Pressure on school places

March 20, 2020

This is the time of the year when parents anxiously wait for the all-important news telling them whether their children has got their first choice of either primary or secondary school.

Last year, nearly one in five (19.1 per cent) children did not get their first choice of secondary school – which was a 10-year high.  According to an article in The Independent (2 March 2020), Geoff Barton, general secretary of the Association of School and College Leaders (ASCL), said: “Last year, the number of families denied their first preference increased, as rising births since 2002 continue to move into secondary level.”

The official figures on the allocation of secondary school places across England will not be released until the summer, but some councils have reported a rise in applications. In Kent, more than 22 per cent of pupils missed out on their first preference school this year while, in Hammersmith and Fulham, 47 per cent failed to get into their first choice 

Government figures show that England’s secondary school population is expected to hit 3.3 million in 2027 – 418,000 higher than in 2018 – to meet a 14.7 per cent rise in secondary pupil numbers.

For any school, trying to estimate what additional space they will need in the future can be a dilemma, particularly in areas of the country, where there has been a fair bit of new building recently, bringing more families with children into the community.

Over recent years, we supported one school in East Sussex which needed more classroom accommodation quickly and opted for some temporary pre-fabricated units. Aworth Survey Consultants were asked to survey the land before the units went in.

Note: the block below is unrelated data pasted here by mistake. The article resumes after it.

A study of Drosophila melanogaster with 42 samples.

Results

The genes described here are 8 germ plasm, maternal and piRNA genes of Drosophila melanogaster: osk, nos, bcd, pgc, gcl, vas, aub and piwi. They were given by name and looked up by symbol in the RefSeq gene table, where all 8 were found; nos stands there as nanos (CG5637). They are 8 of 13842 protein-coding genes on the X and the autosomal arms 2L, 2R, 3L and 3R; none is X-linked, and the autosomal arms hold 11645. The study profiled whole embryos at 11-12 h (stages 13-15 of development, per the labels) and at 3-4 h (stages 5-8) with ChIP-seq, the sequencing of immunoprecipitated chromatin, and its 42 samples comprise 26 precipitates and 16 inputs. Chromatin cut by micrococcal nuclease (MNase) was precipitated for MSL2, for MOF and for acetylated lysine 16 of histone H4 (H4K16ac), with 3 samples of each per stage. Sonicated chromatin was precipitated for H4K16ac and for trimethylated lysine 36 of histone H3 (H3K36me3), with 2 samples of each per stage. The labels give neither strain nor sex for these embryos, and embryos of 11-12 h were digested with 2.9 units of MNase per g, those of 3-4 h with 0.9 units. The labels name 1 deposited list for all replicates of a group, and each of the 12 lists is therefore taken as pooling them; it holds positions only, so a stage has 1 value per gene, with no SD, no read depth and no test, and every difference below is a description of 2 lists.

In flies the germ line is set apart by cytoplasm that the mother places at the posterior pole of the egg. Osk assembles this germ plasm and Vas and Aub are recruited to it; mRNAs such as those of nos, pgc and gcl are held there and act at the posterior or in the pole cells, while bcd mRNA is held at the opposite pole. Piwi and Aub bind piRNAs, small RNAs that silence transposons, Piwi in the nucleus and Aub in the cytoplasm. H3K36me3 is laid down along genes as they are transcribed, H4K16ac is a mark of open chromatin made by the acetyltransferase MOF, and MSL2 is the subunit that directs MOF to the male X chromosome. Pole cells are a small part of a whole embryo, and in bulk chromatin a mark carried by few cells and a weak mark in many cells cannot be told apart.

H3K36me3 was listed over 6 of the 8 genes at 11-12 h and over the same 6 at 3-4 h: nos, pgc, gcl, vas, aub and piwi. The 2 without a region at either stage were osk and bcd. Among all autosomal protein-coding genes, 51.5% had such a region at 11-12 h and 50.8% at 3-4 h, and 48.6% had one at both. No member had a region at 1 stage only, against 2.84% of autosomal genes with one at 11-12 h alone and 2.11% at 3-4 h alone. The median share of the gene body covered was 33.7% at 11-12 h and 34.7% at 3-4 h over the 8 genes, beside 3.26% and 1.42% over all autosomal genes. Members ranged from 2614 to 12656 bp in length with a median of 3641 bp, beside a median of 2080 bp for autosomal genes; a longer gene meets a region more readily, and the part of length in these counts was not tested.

Over the past few months, we’ve also been working with some schools in the capital, including two primary schools in south London, which needed our services to survey their grounds ahead of building work.

Although it doesn’t seem like it, summer is just around the corner and, for educational establishments, this period is when some of the hard work starts – with refurbishments and building work getting underway during the time when students are not using the premises.

Traditionally, this is a time when we are busy working on projects for our education-related clients, supporting them on a variety of projects from buildings to playing fields. Over the past few years, we have worked with clients including Ardingly College, The Royal College of Art, the University of Sussex and a well-known private school in Kent.

“Long-established relationships with our clients is one of the key factors that has supported our growth in becoming one of the most highly respected surveying companies within the industry,” explains John Witherden, Managing Director of Aworth Survey Consultants. “We are proud of the work we have done with educational establishments over the years and know that they return to us not only for our skills and expertise but also our knowledge and understanding of how buildings and grounds need to work for schools and colleges.”